June 26, 2021
Hello and welcome to All Indians Matter. I am Ashraf Engineer.
We’ve all heard the joke about petrol prices hitting a century. Now get this – at the time of making this podcast, fuel prices had risen a staggering 24 times since May 4 and eight times in June 2021 alone. Petrol prices crossed the Rs 100 per litre mark in seven states and union territories – Rajasthan, Madhya Pradesh, Maharashtra, Andhra Pradesh, Telangana, Ladakh and Karnataka. As common Indians reeling from the economic impact of COVID-19 looked to the government for help, they came up against a brick wall. Union Minister for Petroleum and Natural Gas and Steel Dharmendra Pradhan said fuel prices cannot be brought down because the government is saving money to spend on welfare schemes instead. It’s almost as if the cost of living has nothing to do with the welfare of citizens.
There was a time when retail prices of fuel were determined by the government. By 2017, prices had been deregulated and since then they are revised on a daily basis. Public sector oil marketing companies peg the rates on the international price of oil, the exchange rate, taxes, freight and other costs. Mainly, there are four factors that influence prices:
- The price of crude, freight costs and the cost of processing
- Fuel outlet commissions
- Value-Added Tax
In our neighbourhood, the cost of fuel in India is the highest. In Sri Lanka, petrol costs the equivalent of Rs 68.18; in Bangladesh, it’s Rs 77.78; and in Afghanistan, it’s just Rs 46.28.
India imports 82% of the crude oil required for petroleum products such as petrol and diesel. However, international crude prices are only one factor accounting for high fuel prices in India. The main reason prices are high is central and state taxes. Seven years ago, the crude oil price comprised two-thirds of the retail fuel price. Now, taxes and levies constitute 58% of the retail price of petrol and 52% of the retail price of diesel. In other words, if the price of petrol is Rs 100 per litre, taxes account for Rs 58 – that’s Rs 32 to Rs 33 in the form of excise levied by the Centre and the remainder being Value-Added Tax levied by the states.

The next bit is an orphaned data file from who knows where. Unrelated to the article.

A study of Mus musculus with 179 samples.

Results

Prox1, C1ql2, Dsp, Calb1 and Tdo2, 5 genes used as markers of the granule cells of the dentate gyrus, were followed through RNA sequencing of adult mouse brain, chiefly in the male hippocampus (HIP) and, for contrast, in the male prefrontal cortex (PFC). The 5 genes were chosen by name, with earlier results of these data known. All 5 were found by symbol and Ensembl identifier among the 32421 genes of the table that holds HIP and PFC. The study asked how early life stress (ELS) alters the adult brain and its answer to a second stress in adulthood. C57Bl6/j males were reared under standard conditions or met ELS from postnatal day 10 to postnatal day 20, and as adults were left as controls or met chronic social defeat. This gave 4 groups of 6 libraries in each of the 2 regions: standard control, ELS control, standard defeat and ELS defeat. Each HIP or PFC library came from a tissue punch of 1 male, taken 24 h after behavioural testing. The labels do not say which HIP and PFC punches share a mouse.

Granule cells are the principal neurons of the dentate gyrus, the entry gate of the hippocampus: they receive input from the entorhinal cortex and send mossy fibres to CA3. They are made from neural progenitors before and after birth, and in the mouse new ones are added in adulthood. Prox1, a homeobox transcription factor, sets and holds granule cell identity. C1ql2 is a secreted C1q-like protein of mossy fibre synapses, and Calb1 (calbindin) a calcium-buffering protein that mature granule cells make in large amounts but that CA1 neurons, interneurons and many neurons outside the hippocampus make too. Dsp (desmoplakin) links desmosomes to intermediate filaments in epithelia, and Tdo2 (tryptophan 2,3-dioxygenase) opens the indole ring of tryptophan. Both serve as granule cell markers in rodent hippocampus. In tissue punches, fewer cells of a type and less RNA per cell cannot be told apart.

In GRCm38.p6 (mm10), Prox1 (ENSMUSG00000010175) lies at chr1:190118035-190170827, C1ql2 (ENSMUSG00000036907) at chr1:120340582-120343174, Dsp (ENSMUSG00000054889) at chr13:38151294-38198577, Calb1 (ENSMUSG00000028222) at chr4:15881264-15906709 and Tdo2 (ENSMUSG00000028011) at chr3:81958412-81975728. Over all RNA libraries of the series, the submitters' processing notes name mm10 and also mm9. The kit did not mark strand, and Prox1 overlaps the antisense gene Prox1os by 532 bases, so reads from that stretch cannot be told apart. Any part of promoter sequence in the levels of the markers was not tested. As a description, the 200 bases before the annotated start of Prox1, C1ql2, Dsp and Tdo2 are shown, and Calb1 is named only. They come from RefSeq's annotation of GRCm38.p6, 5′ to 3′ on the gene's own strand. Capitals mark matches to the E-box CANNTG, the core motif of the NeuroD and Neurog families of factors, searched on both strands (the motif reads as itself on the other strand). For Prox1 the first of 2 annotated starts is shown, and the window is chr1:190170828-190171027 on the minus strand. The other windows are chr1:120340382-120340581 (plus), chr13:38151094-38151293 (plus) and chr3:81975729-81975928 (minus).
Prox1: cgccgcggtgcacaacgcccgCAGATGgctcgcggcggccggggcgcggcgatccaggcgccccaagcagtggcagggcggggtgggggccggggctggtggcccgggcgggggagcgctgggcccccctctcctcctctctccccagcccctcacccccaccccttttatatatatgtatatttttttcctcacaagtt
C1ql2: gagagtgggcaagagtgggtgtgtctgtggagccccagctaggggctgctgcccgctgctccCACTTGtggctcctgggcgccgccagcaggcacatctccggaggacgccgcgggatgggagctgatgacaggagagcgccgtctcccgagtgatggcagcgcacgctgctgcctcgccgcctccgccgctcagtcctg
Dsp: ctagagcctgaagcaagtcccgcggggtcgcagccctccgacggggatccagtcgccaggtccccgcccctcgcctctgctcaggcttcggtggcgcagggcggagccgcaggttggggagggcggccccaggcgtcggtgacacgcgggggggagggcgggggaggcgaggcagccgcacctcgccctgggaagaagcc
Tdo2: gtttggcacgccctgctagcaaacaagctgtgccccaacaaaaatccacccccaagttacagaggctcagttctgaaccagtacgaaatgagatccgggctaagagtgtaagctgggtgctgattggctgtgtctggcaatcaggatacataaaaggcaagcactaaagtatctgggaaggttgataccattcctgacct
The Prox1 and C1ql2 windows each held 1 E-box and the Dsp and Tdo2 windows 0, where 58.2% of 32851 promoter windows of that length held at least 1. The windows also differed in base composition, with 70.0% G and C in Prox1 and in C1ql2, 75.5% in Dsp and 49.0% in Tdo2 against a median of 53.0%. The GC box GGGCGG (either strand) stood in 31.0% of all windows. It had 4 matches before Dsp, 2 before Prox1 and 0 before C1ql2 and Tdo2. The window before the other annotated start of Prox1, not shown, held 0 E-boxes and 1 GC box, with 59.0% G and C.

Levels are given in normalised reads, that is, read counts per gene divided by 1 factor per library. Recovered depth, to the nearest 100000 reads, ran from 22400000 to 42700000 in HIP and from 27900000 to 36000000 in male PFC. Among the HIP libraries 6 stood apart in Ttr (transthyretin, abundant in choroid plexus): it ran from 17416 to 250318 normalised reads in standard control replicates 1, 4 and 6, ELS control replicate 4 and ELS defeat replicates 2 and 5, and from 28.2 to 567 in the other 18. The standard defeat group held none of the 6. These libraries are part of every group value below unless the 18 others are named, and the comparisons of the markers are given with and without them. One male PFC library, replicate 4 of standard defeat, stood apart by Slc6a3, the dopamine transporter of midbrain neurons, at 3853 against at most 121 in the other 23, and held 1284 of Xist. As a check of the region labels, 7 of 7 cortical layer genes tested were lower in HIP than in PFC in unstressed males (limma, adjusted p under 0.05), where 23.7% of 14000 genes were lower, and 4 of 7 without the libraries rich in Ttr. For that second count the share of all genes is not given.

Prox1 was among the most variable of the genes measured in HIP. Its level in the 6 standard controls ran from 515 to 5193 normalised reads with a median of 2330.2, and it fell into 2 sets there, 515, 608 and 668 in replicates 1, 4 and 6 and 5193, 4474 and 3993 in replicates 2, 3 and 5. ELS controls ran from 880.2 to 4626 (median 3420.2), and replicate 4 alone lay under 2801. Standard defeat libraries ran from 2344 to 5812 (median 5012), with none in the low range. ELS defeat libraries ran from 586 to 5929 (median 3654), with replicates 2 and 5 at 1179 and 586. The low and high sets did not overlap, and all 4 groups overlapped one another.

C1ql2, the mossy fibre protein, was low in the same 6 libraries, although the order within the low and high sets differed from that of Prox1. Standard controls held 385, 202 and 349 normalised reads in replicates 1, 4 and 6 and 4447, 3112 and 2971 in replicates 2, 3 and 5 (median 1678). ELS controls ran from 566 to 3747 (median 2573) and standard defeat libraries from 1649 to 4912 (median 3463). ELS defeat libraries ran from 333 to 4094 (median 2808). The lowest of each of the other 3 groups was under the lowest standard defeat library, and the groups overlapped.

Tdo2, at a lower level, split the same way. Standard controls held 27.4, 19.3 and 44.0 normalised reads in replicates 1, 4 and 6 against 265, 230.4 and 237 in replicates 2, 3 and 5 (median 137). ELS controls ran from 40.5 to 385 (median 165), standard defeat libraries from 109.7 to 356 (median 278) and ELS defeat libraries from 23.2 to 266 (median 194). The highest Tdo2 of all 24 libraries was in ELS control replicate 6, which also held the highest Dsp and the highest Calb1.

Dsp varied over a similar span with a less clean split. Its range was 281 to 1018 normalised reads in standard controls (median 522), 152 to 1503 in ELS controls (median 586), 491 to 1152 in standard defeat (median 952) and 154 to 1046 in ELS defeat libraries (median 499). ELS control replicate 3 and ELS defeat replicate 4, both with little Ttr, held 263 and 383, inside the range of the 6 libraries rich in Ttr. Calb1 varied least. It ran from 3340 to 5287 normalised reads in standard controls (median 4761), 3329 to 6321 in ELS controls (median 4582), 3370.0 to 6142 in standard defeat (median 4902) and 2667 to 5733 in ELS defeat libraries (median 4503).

The extent to which you’re being taxed can be gauged from the fact that the base price of petrol reduced from Rs 47.12 in May 2014 to Rs 37.29 in June 2021. Central taxes, meanwhile, increased from Rs 10.39 in May 2014 to Rs 32.9 in June 2021, according to the Petroleum Planning and Analysis Cell.
As taxes rose, the Controller General of Accounts said, excise duty collection between April 2020 to November 2020 hit Rs 1,96,342 crore, up from Rs 1,32,899 crore during the same period in 2019.
This rise was recorded even as diesel and petrol consumption fell. So, the price rises were so high that the government collected more taxes even though fuel sales fell!
The rise in fuel prices is increasing transportation costs. Virtually every single thing you need, from food to clothes, is transported by road at some stage and these costs are worked into retail prices.
The Monetary Policy Committee had pointed to the impact of fuel prices on daily costs and had urged the Central and state governments to cut taxes. Instead, the Central Government has been pushing the blending of ethanol with fuels as a way of reducing prices. It recently fast-tracked its target for selling petrol with 20% blended ethanol to April 1, 2023, from 2030. Currently, blending levels are at 8.5% against 1%-1.5% in 2014.
The impact of high fuel prices on discretionary expenditure is a worry because that puts the brakes on consumption and economic growth. But discretionary spending would be the last thing on average Indians’ minds; they’re instead trying to make ends meet as times get tougher instead of better. Take vegetable prices, for instance, which are on fire due to fuel prices and the rain. Potatoes, which cost Rs 10 per kg in the wholesale markets in Maharashtra a week ago, were selling at Rs 15-Rs 16 and onions had risen from Rs 15 to Rs 22.
Fuel prices affect us all. For many, they mean the difference between being able to put food on the table and starving. The government sees fuel as a cash pipeline, helping it cover for the high budget deficits it has created and the economic void resulting from many, many quarters of slowing growth and decisions like demonetisation.
Instead of using its resources to make your life easier, the government is picking your pocket to make its life easier.
Thank you all for listening. Please visit allindiansmatter.in for more columns and audio podcasts. You can follow me on Twitter at @AshrafEngineer and @AllIndiansCount. Search for the All Indians Matter page on Facebook. On Instagram, the handle is @AllIndiansMatter. Email me at firstname.lastname@example.org. Catch you again soon.